By Howard Shaffer
Vermont Law School (a private institution) is known as a leader in environmental law. Students at the school have an Environmental Law Society and an International Law Society, and on September 30 these societies hosted a public meeting that featured Vaishali Patil, a woman from India who is an “environmental activist” and nuclear power opponent.
Meredith Crafton, a student, introduced Patil. I first encountered Crafton a few years ago when members of the Safe and Green marched during a winter campaign to Montpelier, Vermont’s capital, and stopped at the law school for the night. I stopped by the law school that night to take in the activities and met Crafton.
During the September 30 meeting that featured Patil, everyone in attendance introduced themselves, and Crafton said that she had come to the law school to work against the Vermont Yankee nuclear power plant. I also was at the meeting and introduced myself, as I always do at anti-nuclear gatherings, to eliminate the possibility of a charge of “industry spying.”
Patil, a compelling presence, spoke for the entire hour in the classroom that had been provided at the law school. She spoke right up until the time that students for the next class in that same room arrived, allowing no time for questions. Speaking from notes on a piece of paper the size of an index card, she gave “red meat” to the audience of about 30 students and three or four older people. Her talk was similar to her speech on this YouTube presentation from earlier this year.
Patil’s topic was the Jaitapur nuclear plant in India, which will consist of six 1650-MWe Areva plants. There are also 18 fossil power plants proposed for the same area. The region is heavily dependent on agriculture and fishing, and the land for the power plants was originally farmed, but had to be taken by eminent domain. Patil told a long and compelling story about the process of land taken for public use, and the many levels of appeal and the struggle to get compensation.
The Indian farmers in the area are against the use of coal, so the government said, “Look at the United States as an example, with its many nuclear plants.” To prepare themselves to battle the Jaitapur project, local opponents traveled to the site of India’s first nuclear plants at Tarapur (two boiling water reactors, 150 MWe each, commercial start in 1969) and talked to local residents about the effects of the plants. According to Patil, the travelers heard horror stories from the residents about accidents that are kept secret, high infertility, aborted births, use of contract workers only, contaminated seawater preventing fishing, and radioactivity in a 200-km radius.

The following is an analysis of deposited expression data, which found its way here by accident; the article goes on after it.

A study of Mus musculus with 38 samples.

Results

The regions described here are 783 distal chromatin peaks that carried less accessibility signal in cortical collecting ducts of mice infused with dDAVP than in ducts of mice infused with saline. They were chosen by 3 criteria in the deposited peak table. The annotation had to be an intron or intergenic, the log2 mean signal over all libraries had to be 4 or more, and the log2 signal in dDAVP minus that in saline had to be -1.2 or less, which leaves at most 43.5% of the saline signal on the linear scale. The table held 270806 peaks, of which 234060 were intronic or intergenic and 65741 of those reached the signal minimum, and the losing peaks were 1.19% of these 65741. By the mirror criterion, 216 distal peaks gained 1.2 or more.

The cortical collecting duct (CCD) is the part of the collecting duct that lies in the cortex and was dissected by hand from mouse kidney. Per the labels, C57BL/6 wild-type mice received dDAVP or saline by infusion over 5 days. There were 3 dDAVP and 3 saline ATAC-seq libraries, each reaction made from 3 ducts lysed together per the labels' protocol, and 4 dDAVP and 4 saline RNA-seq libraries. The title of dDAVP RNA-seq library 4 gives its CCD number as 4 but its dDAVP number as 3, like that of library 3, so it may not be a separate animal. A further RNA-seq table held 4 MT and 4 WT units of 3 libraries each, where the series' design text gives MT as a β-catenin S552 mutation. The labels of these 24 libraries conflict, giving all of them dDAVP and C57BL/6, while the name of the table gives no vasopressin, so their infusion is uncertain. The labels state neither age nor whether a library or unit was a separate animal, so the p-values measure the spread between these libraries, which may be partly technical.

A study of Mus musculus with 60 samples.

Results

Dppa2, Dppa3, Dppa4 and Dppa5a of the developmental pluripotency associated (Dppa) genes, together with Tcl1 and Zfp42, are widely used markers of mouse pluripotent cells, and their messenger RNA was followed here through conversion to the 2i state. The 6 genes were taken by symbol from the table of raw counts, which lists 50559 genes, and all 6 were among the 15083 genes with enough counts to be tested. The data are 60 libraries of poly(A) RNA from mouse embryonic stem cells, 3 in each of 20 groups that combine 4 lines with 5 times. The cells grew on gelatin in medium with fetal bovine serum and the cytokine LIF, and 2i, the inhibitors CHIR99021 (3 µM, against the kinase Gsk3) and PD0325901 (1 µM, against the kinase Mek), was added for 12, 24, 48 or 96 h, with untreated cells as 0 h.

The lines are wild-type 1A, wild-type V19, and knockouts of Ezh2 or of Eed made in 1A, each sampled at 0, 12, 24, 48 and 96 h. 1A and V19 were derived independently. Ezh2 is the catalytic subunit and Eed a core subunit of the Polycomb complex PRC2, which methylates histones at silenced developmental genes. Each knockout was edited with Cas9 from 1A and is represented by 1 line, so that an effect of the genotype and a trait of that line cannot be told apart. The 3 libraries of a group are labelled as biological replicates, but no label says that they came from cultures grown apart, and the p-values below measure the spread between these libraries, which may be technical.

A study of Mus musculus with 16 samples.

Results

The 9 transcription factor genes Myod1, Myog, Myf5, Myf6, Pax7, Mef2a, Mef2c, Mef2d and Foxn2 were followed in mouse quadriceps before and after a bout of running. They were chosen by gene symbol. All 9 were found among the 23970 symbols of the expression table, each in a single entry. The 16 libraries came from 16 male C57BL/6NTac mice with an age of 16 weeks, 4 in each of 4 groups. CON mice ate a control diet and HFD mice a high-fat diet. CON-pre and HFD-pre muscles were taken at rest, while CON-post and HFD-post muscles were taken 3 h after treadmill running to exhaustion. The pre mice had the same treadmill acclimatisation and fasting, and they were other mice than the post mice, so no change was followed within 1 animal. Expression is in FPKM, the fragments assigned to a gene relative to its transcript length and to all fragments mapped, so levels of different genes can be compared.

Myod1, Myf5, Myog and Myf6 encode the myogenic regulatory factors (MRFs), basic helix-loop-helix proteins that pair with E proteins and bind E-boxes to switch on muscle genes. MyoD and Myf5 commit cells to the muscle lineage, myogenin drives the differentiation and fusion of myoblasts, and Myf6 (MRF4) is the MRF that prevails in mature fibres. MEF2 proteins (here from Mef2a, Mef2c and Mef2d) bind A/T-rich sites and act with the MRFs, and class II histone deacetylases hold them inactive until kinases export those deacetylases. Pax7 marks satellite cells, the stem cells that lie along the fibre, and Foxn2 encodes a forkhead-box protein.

There have been contentious public hearings about the Jaitapur plants. With the help of nuclear activists from abroad, the local opponents—characterized as “farmers”—filed more than 1000 objections. Generally, she said, there is public fear of radiation in India, with special concern over its effect on the mango crop, which is an important economic export. There had been a previous bad experience for farmers and mangos from the use of pesticides, and so they don’t want the same thing happening with nuclear.
Whether nuclear power is good or bad is another issue, Patil said. She claimed that the world is trying to turn India into a uranium market for foreign uranium. “The U.S. people are against nuclear power,” she said. In addition, she charged that approval for the plants in India was signed quickly when President Sarkozy of France visited the country. “We feel like guinea pigs,” she said in closing.
After the talk, the audience gathered in the hallway for refreshments and conversation. Then the older people and four or five students went to a lounge adjacent to the classrooms. In the lounge, one of the older people invoked the mass marches against the Seabrook nuclear plant a generation ago. Patil said, “We have to go to the streets at some point” and she passed around a clipboard for signatures for those who want training for the street demonstrations, or to be “legal observers.” She also announced that there would be a demonstration at the Vermont Yankee plant on October 13, complete with puppets and the presentation of a “Trojan Cow.”
Howard Shaffer has been an ANS member for 35 years. He has contributed to ASME and ANS Standards committees, ANS committees, national meeting staffs, and his local section, and was the 2001 ANS Congressional Fellow. He is a current member of the ANS Public Information Committee and consults in nuclear public outreach. He is coordinator for the Vermont Pilot Project. Shaffer holds a BSEE from Duke University and an MSNE from MIT. He is a regular contributor to the ANS Nuclear Cafe.